How to identify – and then reduce – high stress levels caused by money challenges.
We have all been there. Money gets tight, debt problems loom, and despite your best efforts your stress levels go up and up until you are snapping at family members and spacing out at work wondering how you are going to keep all the balls you are juggling in the air. The financial challenges you’re facing can be better handled with a clear focus and a calm mind. Stress is not helping, and in many cases, it may be holding you back from moving forward.
Signs of financial stress
Understanding that your life, outlook and loved ones are negatively impacted by financial stress is not as easy as you think. The following signs can help you identity if you are dealing with excessively high financial stress levels:
- Are you arguing with your spouse and family members more often, money-related fights or not?
- Are you hiding bills and receipts from your spouse so you do not “get caught” spending money?
- Are you having difficulty falling asleep or staying asleep at night?
- Are you stress eating – i.e. have your eating habits changed and you are eating out more, turning to comfort and junk foods?
If you answered yes to any of the above questions, financial stress may be impacting your life more than you think.
5 steps to reduce financial stress
You need to deal with the cause of the stress AND deal with the resulting symptoms that the stress is manifesting. Addressing the symptoms first is often the right option. The physical and emotional strain you feel can make it difficult to reach clear headed key decisions.
Step 1: Deal with physical symptoms of stress first
- Eat right – If your diet has been taken over by junk and comfort foods, make a commitment to reestablish a healthy diet.
- Start exercising – Exercise is a great way to burn stress, as well as calories.
- Speak with your doctor – Let him/her know about any physical issues you are having and help them understand the stress levels you are facing. Many providers offer virtual appointments.
Step 2: Address the emotional burden
- Talk to someone – Getting things off your chest is often the easiest way to reduce stress and start feeling better.
- Treat signs of addiction – People often fall into or fall back into bad habits when they are extremely stressed.
- Take time outs to recharge – Do something that will take your mind off of your finances for a few minutes. Letting yourself relax will make you more focused when you need to really get to work. Do this at least once each day.
Step 3: Get real with your finances
Now that you are more centered, start working to fix what is causing the stress. Organize challenges into groups. Chances are that a high level of financial stress has more than one source. With that in mind, you need to organize financial stressors into categories:
- Important, Changeable: These are the big things in your financial life that are contributing to your stress which can be solved by taking action.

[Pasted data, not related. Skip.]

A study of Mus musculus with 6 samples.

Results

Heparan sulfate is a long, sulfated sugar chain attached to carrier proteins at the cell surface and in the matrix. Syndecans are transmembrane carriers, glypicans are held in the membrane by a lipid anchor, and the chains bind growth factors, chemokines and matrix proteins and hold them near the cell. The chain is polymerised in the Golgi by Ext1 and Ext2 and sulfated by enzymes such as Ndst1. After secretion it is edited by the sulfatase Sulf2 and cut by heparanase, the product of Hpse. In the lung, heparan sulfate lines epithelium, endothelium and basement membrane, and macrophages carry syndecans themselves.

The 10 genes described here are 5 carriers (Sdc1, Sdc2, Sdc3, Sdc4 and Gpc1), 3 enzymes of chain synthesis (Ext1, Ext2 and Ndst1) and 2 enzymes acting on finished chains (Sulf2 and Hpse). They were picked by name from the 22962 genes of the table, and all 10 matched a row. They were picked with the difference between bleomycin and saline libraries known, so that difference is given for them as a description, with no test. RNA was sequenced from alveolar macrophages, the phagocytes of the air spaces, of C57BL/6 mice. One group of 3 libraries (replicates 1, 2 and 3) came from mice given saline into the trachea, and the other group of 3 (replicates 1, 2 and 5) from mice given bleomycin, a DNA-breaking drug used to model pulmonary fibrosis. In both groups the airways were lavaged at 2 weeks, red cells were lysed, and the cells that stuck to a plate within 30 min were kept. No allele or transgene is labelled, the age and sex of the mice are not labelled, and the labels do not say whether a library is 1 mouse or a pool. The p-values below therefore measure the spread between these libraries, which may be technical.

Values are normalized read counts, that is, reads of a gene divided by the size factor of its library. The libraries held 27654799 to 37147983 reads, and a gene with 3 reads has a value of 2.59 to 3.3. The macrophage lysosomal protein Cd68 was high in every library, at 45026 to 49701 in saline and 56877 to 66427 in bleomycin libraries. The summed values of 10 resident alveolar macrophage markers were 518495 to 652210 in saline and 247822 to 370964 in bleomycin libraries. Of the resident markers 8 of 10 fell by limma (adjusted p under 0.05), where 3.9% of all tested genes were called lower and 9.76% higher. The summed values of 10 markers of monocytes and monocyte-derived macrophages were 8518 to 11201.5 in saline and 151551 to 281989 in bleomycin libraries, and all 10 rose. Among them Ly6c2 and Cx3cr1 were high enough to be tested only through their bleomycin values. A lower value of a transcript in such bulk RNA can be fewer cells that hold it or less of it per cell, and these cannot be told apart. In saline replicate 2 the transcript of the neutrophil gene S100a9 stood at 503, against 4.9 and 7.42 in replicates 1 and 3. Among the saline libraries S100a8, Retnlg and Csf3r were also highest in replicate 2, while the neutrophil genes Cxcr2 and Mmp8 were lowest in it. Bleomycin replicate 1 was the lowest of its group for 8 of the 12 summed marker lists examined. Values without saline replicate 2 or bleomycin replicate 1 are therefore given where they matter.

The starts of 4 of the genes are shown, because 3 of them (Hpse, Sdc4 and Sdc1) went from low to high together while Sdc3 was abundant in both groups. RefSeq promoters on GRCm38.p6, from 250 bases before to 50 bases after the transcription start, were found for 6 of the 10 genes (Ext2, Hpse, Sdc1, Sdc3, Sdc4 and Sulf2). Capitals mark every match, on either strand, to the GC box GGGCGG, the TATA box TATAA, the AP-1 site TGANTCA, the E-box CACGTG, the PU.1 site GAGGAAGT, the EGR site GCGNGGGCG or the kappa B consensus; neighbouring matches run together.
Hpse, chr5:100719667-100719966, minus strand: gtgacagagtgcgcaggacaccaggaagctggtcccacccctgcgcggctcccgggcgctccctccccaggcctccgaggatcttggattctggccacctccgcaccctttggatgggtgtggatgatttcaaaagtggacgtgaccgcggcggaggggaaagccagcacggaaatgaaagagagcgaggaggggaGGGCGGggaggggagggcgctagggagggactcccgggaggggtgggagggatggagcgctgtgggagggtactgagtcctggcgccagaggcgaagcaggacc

- Important, Unchangeable: These are contributing factors that have led to your situation that you can not change
- Not Important, Changeable. These are things that may be irritating you and adding to your stress level, but are not truly contributing factors.
- Not Important, Unchangeable: Again, these are often things that start to seem significant when we get stressed, but which really do not have any effect on your current situation.
Step 4: Get professional help
Once you have cut everything that either is not important or cannot be changed, you are left with the big things, which are true sources of your financial stress. Now find the right person to help you deal with each one of those factors.
- Credit card debt and general budget problems: Call a certified credit counseling agency to get a free consultation to review your options for debt relief, as well as to get a free budget evaluation to help you balance your expenses with your income.
- Mortgage challenges: Talk to a HUD-certified housing counselor in a one-on-one counseling session.
- Student loans: Visit StudentAid.gov to review your options for relief or talk to your loan servicer directly.
- Tax debt: Talk to a certified public accountant or tax professional to review your options. They can help arrange settlement plans with the IRS and even help with relief options.
- Medical debt: First, call the original healthcare provider directly – not the collector – to see if you can work out a payment plan.
Step 5: Recover with resilience
- Stick to your plans. Once you talk to the professionals and plans begin to get plans in place, you should feel the weight of that stress start to lift. It is important to keep up with the solutions you have identified, even if they are tough.
- Realize nothing in credit last forever. You CAN recover and you WILL be able to get back where you want to be, it just takes patience and a clear path forward – both of which you have now!
- Accept that change is a part of life. Even significant changes that seem like the end of your world are just the start of something different. Let go and find fulfillment in exploring new opportunities.
- Be thankful. Find good in each day and focus on that as you continue to take one step at a time towards financial stability.
If you are uncertain about which options might work best for you, or how to put a plan into action, give AFFCU or the free financial coaches at KOFE a call. The call is free and confidential. The coach will review your situation and provide recommendations to improve your financial state of affairs.
Call our dedicated toll free number 1-844-325-8012 or book an appointment online through our KOFE portal.